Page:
Tuesday, November 21, 2006

"Was it something I said?" - Apparently, there is a fine line between genius and insanity. In the past few days, Seinfeld's Michael Richards has found himself on the wrong side of the line. But perhaps all of this is a case of Mr. Richards not grasping the concept. What Richards neglected - to his ignominy - is that if you wish to project racist attitudes in an otherwise civil society, you must do so through a gullible third party. In so doing you can be held up as a comedic giant, a la Borat.

In the hopes of getting a bit more clarity on how this episode informs the issue of race in America, let’s consider three basic questions. First off, is there racism in America? Mr. Richard's tirade would suggest that the answer is “yes.” Secondly, are there racial disparities between blacks and whites in America, to which I again confidently answer in the affirmative. The tricky question, upon which all else hangs, is whether isolated acts or expressions of racism and/or the presence of race-based disparities indicates that America itself is a racist country. My guess, based on events over the last 40 years, is that America is indeed not a racist country. And as will be discussed elsewhere, in as much as there is such a thing as institutionalized racism, it is discretely confined to so-called progressive institutions (i.e.: the media, the civil rights community and the education establishment.)

To assume otherwise would be to argue that a racially identifiable power elite in America works through societal, legal and economic means to oppress another race, as race-based oppression appears to be the self-identifying characteristic of racism. That would also assume that the powerful actually find themselves interested or concerned about those whom they oppress. In truth, what we have in modern-day America, as distinct from generations past, is that power elites are as concerned about the underclass as much as the underclass is concerned about itself, which is to say, not very. What poor blacks and other members of the underclass are dealing with today is frank indifference on the part of the upper classes, not overt oppression. (I do acknowledge that the belief that members of one race are conspiring against another is a seductive conceit for the oppressed in that it offers moral superiority as compensation for socio-economic lowliness.)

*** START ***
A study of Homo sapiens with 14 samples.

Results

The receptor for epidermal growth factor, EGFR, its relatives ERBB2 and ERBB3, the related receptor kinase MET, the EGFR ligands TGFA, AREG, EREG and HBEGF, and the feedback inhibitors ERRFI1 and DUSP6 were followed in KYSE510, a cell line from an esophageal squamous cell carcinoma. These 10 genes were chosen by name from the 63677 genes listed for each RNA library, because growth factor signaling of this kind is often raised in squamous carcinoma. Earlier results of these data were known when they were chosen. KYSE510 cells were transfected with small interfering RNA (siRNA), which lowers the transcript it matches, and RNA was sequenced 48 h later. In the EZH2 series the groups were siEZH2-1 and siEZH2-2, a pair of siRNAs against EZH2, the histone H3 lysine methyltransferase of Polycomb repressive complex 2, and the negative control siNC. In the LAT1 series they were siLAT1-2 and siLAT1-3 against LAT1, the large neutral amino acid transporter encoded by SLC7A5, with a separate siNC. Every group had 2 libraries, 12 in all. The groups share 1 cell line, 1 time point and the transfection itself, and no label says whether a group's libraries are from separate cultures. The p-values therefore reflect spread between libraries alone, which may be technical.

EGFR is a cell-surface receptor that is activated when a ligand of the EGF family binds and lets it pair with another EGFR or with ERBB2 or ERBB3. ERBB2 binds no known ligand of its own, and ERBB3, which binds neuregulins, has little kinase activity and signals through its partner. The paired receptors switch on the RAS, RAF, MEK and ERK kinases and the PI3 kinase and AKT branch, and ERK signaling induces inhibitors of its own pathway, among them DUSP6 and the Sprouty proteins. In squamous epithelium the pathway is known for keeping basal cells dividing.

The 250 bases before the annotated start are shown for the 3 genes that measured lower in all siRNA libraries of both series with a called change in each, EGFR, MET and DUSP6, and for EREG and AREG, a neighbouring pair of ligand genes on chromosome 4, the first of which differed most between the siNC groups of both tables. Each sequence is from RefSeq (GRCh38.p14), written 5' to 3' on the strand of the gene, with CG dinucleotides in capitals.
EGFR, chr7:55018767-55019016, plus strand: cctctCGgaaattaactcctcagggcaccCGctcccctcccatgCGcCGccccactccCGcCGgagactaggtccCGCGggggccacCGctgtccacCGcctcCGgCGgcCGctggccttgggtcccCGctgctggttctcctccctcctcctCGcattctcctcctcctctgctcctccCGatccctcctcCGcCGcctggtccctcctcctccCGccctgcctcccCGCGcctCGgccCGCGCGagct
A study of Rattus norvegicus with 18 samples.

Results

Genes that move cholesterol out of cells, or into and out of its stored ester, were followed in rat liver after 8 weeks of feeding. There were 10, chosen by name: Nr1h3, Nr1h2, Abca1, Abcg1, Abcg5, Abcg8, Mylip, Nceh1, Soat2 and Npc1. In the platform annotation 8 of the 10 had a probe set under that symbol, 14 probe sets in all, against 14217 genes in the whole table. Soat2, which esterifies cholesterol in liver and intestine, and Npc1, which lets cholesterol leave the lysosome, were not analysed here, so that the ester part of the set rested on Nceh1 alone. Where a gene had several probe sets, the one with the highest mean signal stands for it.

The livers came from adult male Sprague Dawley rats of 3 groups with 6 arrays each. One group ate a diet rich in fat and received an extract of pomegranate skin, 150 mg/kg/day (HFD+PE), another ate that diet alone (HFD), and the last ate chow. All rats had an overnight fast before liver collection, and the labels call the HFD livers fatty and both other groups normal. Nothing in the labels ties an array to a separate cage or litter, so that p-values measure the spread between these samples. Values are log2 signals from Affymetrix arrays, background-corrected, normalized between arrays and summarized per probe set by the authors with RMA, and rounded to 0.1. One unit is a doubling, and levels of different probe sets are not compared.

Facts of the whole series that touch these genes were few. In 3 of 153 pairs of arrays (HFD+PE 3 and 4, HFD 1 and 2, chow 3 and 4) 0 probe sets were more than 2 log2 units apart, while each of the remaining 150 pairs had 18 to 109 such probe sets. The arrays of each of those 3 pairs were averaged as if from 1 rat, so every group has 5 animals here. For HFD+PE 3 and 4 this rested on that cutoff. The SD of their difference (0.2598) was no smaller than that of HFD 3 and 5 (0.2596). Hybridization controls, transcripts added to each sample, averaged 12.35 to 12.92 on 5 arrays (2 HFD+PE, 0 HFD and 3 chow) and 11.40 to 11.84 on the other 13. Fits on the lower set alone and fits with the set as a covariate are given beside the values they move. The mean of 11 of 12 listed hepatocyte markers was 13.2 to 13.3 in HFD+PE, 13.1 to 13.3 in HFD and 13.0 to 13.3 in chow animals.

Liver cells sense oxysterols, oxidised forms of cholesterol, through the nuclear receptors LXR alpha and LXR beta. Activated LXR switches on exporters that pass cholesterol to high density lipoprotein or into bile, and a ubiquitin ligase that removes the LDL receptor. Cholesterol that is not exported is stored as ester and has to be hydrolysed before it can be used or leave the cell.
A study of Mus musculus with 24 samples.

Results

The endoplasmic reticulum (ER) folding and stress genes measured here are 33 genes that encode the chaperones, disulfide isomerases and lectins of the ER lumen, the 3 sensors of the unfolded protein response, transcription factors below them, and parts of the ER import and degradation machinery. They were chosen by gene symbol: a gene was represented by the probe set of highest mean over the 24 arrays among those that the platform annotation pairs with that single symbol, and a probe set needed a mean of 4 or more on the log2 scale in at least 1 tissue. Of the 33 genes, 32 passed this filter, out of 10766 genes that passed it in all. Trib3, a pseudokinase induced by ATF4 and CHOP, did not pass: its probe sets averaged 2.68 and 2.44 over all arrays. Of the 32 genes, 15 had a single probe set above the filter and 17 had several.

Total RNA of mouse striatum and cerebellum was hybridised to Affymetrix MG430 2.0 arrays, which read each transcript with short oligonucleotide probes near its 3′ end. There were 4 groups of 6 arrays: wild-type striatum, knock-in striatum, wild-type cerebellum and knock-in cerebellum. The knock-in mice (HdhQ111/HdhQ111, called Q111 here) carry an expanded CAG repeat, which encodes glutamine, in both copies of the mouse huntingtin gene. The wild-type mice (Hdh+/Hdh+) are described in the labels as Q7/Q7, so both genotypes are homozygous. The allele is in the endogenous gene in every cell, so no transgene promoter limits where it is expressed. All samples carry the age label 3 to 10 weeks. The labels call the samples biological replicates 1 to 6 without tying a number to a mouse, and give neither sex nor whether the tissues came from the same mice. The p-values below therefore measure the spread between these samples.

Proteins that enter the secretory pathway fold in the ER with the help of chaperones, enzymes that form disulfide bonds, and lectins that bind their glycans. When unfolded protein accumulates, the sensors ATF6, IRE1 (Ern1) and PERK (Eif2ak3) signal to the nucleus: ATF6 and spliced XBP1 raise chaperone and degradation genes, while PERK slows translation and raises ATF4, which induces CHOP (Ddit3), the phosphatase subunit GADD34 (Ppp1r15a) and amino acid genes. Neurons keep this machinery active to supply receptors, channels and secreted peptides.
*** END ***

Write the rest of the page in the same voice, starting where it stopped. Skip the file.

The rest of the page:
In his rambling apology on last night's Late Show, Richards mentioned Hurricane Katrina and it's aftermath. Katrina also provided us a powerful lens by which to examine the effect of race in this country vis-a-vis other factors.
On the subject of Katrina, let us be clear about one thing as it regards the hurricane and its aftermath. The level of poverty and depravity that served as a full-frontal obscenity had nothing whatsoever to do with race or racism. It was evidence of neither an innate black inferiority nor a systemic, all-pervasive bias against African Americans or the poor. Indeed, what we saw had everything to do with the culture of the citizens of New Orleans and its environs.

It is beyond debate that the residents of New Orleans were poorly served by the state and federal governments in the aftermath of Katrina. But is also true that much of what occurred after the levies were breached resulted from a pre-existing local culture that saw no harm in predatory politicians, unaccountable government, ineffectual or corrupt law enforcement, diminished educational opportunity, and a moribund local economy that resulted in an intensity of lack more reminiscent of Haiti than of the United States. Even with the massive depopulation occasioned by Katrina, the murder rate in New Orleans remains several times the national average. Lest we forget, even though the same storm ravaged both the Gulf Coast of Mississippi and New Orleans, we don’t recall televised scenes of looting and general anarchy coming out of Mississippi entirely because there were none. And if we are to take anything from the re-election of New Orleans Mayor C. Ray Nagin in May of this year, it appears that such a situation is preferred by the citizens of New Orleans.

I cite the foregoing in an effort to preempt those on the Left, white and black, who would posit that Mr. Richards' unfortunate comments are symptomatic of the existence of an all-pervasive, systemic racism in America. Nothing could be further from the truth. The very fact that Richards is at the center of a storm of opprobrium indicates that Americans have long since shed any vestiges of a collective racism. Would that progressive elites could do likewise.